Confessions of a critical thinking teacher
In this article, Mark ponders his own lapses in his critical thinking outside of the classroom and wonders how often the rest of us fall prey to ‘The Conjunctive Fallacy’.
By Mark Hershey
The other day I was in a Japanese restaurant, staffed with Vietnamese waiters. When I sat down, I asked for water in Vietnamese. Or so I thought. The waiter had no idea of what I was asking for, even after I made several attempts at changing up the tones or playing with the consonants and vowels. Why doesn’t he understand me, I thought. Frustrated, I burst out with, “Do you speak Vietnamese?” in English. “Yes,” he answered calmly. I felt embarrassed by the rudeness of my question, so I apologized and asked how he said the word “water” in Vietnamese. When he replied, speaking the syllables slowly and loudly enough for a thousand year old oak to understand, I responded, “That’s what I said!” and we both started laughing, simultaneously realizing the absurdity of the assumption that I was the better judge of intelligible Vietnamese than he was (admittedly, he might have been laughing for another reason).
While I teach critical thinking skills to my students in Vietnam, I had made a critical thinking error myself: I reacted out of impulse instead of thinking clearly through the fact that there could be quite a gap between a non-native speaker’s pronunciation and the native speakers’ ear. I also had not considered that the waiter might have been from a different part of Vietnam than the people I try to speak Vietnamese with every day. Another possibility is that he was not used to foreigners trying to speak Vietnamese, so that the attempt simply caught him by surprise, short circuiting his ability to pay attention to the sound of the word in his native language that was not pronounced exactly right. Finally, he might have assumed that I was just trying to speak some English word he was not familiar with. Reacting on impulse, I simply let my critical faculties sleep through the encounter.
This episode led me to ponder other critical thinking lapses I could be guilty of and wonder how common it is for many of us to make some of these mistakes in our ordinary life while teaching such skills in the classroom. While reading through Steven Pinker’s The Better Angels of Our Nature I was reminded again about the banality of critical thinking errors. Consider this example he gives:
“”Bill is intelligent, but unimaginative, and dull. He was strong in mathematics but undistinguished in the arts and the humanities. What are the chances that Bill plays jazz saxophone? What are the chances that he is an accountant who plays jazz saxophone?”
Would you put higher odds on the first or the second proposition? Here’s a similar question: Are the odds higher that there will be a nuclear attack on the U.S. or that there will be a nuclear attack by a terrorist sponsored by Iran on the U.S.?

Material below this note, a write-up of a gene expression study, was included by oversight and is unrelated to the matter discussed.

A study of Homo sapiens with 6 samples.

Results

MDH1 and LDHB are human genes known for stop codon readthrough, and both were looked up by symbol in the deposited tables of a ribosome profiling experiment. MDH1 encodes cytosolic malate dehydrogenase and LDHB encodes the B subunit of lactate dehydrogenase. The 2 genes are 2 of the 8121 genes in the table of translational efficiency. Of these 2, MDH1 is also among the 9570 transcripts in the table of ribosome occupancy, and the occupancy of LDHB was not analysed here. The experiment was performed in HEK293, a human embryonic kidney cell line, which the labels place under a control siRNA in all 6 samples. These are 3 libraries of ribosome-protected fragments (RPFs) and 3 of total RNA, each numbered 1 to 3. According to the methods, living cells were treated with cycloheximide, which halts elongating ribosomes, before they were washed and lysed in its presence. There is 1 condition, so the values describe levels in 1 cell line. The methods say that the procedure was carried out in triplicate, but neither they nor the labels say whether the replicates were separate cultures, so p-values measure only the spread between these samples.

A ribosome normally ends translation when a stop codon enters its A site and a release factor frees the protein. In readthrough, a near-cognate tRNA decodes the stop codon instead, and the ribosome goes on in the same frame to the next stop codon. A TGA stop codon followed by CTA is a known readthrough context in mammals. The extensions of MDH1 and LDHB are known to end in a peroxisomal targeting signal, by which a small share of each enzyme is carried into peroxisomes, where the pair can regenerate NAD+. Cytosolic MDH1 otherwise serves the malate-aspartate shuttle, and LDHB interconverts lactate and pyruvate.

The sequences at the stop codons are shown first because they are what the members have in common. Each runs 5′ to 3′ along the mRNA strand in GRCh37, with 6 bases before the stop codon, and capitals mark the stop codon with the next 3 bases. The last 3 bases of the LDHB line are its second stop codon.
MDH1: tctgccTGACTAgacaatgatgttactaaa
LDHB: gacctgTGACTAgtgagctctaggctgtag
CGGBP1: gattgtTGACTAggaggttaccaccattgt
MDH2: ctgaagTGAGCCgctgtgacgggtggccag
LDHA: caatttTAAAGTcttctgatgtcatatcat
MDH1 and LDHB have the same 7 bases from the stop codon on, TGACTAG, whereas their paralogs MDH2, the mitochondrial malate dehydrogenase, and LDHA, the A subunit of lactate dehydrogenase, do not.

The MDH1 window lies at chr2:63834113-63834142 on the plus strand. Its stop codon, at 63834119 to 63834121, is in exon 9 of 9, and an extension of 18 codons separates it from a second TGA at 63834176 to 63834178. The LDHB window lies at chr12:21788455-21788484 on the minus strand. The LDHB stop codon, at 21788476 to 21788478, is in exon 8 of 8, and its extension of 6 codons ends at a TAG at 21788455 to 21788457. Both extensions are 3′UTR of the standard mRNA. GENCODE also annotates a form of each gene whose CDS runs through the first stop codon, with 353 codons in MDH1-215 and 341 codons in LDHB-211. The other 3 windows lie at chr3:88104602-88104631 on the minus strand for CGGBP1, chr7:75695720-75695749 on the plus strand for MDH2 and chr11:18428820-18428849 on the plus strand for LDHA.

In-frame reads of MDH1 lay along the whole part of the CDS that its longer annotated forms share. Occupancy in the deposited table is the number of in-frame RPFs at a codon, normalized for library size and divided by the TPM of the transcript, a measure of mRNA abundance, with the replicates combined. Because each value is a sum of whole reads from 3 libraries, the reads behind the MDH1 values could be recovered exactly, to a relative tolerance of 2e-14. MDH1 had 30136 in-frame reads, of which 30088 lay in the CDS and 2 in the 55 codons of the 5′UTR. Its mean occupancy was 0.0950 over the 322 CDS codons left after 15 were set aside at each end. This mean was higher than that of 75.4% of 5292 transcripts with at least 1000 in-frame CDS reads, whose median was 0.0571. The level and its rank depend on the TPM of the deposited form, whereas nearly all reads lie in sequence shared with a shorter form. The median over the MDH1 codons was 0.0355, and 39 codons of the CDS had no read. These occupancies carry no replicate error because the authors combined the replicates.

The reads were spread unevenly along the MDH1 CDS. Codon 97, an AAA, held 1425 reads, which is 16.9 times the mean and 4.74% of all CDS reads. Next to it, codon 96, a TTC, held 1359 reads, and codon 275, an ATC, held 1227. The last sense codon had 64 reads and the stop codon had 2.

Pinker says this is called “The Conjunctive Fallacy” and many people fall prey to it. Many people will answer that Bill is more likely to play jazz saxophone and to be an accountant than just that he plays the jazz saxophone. By and large people also tend to pick the second of the two propositions above regarding nuclear attacks. These responses are not just limited to survey answers but are revealed in actions. People are generally more willing to pay more for flight insurance against terrorism than for flight insurance against all causes. All these responses are nonsensical though as it is impossible for the broader condition that includes the second, more exclusive condition within it, to be less probable than the second condition. Yet, scientists, doctors, professors, and yes, even teachers of critical thinking are susceptible to its charms. Lawyers, as Pinker says, regularly rely on it to convince juries of their client’s innocence or guilt.
Another common error you might hear around the critical thinking teacher’s bilabong is a false equivalency. The fallacy is perhaps mostly commonly committed in debate over controversial political or cultural issues (though I once vociferously insisted that the Dick’s Drive-In Deluxe Burger was in no way distinct from the Kidd Valley Burger, all evidence to the contrary). Take a hypothetical from Swift’s Gulliver’s Travels. Laputa had been at war for centuries with the rebel territory of Lindalino. Considering that both might have committed atrocities, or had at least harmed the other, a Laputan might argue that Lindalinos cannot claim the moral high ground. Yet, that assertion fails to note that by and large Laputans have been the aggressors; Lindalinos did nothing to invite the Laputans to use their floating island in the sky to block the sunlight over the Lindalinos land, after all. Furthermore the damage committed by Lindalinos, largely in defense, is miniscule compared to the damage caused by Laputans.
I am tempted to say I hear these mistakes all the time, but then I would be guilty of something that should be quite familiar to writing and critical thinking teachers. We often see our students make this error when they begin essays with the words “All over the world….” “All over the world, childhood obesity is a major problem.” Millions of people living in parts of Africa and Asia would probably demur. My first realization that I made the same overgeneralization error started young. I used to accuse my father or a sibling of something by beginning with, “You ALWAYS say that!” Or, “You are ALWAYS + verbing.” “Really?” my father would say, “Always?” After a number of these types of exchanges, I eventually caved in and admitted that my charges were not quite fair, and that there were important distinctions to be made between “occasional”, “often,” and “always.” Now that I am fairly well educated and an occasionally mature teacher, I know better. I never make this error in my own arguments over politics, culture, political economics, or sports. Ever.